Entrance and perimeter security measures are critical in protecting the people within the building and its vicinity, says Steve Moody.
More than ever, we need to start implementing proper entrance security at our stadiums. A combination of a multitude of people that attend stadium events and security threats from would-be criminals or terrorists means that a pragmatic approach is needed.
Criminals want easy access, while terrorists are seeking maximum damage. Ensuring your stadium has essential measures in place is therefore vital.
Perimeter and entrance security – every second counts
Strategic placement of bollards, barriers or even trees and art installations, can help prevent or slow down a direct attack on the building and its occupants. Hostile Vehicle Management (HVM) should also be a part of your strategic risk management and is increasingly becoming more prevalent as a deterrent to disrupt an adversary’s attack.
Entrance and perimeter security can also have a beneficial impact on staff and visitor wellbeing. Nobody wants to feel like they are visiting a prison but seeing and knowing the stadium takes security seriously can have a positive impact on how people feel and therefore behave. The goal is to encourage a calm and managed atmosphere as people enter and exit the stadium and the surrounding area so they can go on to enjoy it fully when they are inside.
Proper use of perimeter and entrance security also makes the life of security personnel and other employees much easier. Having the right tools for the job and the latest technology allows people to do what people do best – react to situations as and when needed, such as crowd trouble or unauthorised access.
Changing our perception of ‘integrated security’
Integrated security is used as a buzzword, which distracts from the fact that it’s a useful way to view your security – it’s only through a holistic approach to security that encompasses the physical, digital and human elements can we truly combat the threats of today and tomorrow.
New and innovative technology has made great strides in hindering the progress of potential attackers by obstructing direct and proximity access to the target. Hindering progress is a key early tactic in any integrated security system, but it can have the effect of moving the threat rather than nullifying it. As a result, the target and method of attack will vary – something organisers and security personnel will need to be mindful of and know first-hand how to deal with it.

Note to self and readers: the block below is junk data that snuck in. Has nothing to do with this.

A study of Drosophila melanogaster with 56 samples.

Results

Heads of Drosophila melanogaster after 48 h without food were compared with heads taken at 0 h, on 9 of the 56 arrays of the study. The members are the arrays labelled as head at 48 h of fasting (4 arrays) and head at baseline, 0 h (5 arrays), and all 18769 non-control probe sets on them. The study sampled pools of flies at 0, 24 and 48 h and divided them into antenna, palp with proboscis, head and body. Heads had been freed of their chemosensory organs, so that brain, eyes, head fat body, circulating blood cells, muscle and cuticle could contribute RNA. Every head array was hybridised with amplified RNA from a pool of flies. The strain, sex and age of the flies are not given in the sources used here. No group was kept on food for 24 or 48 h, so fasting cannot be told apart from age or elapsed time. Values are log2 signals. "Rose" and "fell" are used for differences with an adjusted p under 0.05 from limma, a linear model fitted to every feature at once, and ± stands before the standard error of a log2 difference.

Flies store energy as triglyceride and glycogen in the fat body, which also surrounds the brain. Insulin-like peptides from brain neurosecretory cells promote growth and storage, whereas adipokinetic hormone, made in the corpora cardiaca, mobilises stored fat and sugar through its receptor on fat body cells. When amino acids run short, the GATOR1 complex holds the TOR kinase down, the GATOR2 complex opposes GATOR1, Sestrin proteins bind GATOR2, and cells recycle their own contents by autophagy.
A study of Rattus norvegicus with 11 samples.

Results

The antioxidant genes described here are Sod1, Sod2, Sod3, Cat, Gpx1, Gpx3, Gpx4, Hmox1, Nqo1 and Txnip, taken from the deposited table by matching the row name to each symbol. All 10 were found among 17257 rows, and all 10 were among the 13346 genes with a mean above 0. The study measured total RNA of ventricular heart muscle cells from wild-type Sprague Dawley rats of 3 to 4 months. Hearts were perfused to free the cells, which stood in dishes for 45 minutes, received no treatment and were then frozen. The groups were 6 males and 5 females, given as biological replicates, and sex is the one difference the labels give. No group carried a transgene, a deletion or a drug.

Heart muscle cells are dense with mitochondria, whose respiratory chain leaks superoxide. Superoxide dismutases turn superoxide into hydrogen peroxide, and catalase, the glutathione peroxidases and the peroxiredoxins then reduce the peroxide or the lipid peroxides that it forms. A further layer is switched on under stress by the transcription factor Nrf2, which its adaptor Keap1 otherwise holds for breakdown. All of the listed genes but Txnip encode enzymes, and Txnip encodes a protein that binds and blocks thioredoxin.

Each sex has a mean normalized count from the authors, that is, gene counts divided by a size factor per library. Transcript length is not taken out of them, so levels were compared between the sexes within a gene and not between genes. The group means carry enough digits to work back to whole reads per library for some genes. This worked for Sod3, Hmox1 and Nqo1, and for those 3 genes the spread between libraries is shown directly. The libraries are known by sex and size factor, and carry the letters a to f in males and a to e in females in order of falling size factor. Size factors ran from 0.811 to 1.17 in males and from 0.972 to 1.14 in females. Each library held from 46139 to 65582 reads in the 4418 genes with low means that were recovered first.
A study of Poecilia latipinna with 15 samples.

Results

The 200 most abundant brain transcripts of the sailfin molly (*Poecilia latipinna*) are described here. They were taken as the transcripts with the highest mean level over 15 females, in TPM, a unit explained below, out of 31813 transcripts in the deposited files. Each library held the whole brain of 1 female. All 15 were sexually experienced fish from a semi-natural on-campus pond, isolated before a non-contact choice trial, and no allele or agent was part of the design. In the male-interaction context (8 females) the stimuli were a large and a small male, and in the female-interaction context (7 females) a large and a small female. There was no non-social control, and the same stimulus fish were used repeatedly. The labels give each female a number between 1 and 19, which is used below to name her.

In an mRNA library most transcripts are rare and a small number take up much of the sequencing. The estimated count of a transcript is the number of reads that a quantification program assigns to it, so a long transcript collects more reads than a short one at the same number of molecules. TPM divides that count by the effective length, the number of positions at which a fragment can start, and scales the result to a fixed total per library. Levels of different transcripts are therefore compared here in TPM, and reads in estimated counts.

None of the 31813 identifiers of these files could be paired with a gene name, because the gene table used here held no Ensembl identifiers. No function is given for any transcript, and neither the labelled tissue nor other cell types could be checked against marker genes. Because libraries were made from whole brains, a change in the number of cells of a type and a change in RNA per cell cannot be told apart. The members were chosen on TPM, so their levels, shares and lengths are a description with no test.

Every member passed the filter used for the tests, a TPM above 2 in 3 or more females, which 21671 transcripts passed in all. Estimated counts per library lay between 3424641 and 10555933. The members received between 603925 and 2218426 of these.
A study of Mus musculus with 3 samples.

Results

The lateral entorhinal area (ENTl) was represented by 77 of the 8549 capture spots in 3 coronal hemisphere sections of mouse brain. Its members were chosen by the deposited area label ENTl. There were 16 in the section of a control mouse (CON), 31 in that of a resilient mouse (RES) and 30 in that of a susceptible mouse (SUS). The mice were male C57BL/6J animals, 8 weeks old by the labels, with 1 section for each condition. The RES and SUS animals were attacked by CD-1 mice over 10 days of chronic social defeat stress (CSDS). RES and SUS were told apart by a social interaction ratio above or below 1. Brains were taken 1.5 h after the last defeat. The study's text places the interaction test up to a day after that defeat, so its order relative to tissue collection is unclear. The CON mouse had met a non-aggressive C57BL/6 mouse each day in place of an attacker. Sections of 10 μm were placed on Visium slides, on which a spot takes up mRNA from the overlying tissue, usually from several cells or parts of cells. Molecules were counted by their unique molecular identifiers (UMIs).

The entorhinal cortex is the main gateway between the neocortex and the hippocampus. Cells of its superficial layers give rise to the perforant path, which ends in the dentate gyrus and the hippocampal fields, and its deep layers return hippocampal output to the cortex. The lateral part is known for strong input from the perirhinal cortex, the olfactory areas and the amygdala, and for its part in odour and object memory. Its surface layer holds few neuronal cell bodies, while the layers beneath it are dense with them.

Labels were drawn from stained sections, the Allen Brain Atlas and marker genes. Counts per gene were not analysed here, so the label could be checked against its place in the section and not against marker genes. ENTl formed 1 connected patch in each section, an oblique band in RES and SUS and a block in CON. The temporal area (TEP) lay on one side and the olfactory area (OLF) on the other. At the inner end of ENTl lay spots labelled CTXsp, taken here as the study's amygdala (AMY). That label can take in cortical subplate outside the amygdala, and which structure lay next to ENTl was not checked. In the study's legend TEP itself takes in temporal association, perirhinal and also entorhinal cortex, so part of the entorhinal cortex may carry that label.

Changing our perception and thinking about integrated security will lead to a greater understanding of the additional elements that go into ‘securing your venue’. It is not enough to think about the security of the venue, we need to start thinking about threats that could come from ‘behaviour’, by that we mean where people hang around before and after the event, as well as travelling to the venue.
Implementing innovative solutions for the smart stadium
New and innovative ‘smart’ technologies are taking on the analytical load so security personnel can make better informed decisions. Smart stadiums do not rely solely on physical deterrents, now we see stadiums take integrated security to the next level without impeding the experience for fans.
There’s a huge range of innovative solutions ready to be implemented in existing and new stadiums, but optimised facial recognition, behavioural analytics and access scanning equipment are perhaps the three game–changers here.
- Optimised facial recognition in conjunction with extremely high-resolution IP cameras can provide a smooth method of entry to the stadium by integrating with the access control system. This has the simultaneous effect of seamless entry to the venue, while images can also be matched against a watched list or blacklist of specific individuals preventing unwarranted access.
- Behavioural analytics software and artificial intelligence can identify patterns of behaviour associated with violence or other activities that could compromise the safety of a crowd. This can be used to alert authorities to a heated situation before it erupts.
- Walk-through monitors can now detect a multitude of substances that could pose a threat in an enclosed stadium environment. In fact, the “sniffing” technology on these monitors can be used to detect anything from excess alcohol through to nuclear material.
These considerations are a small price to pay on the part of fans and organisers in return for a more effective security solution that protects the stadium and its visitors.
If you’d like to know more about entrance security solutions for your venue, speak to the RWS team via email@example.com or 01733 351136.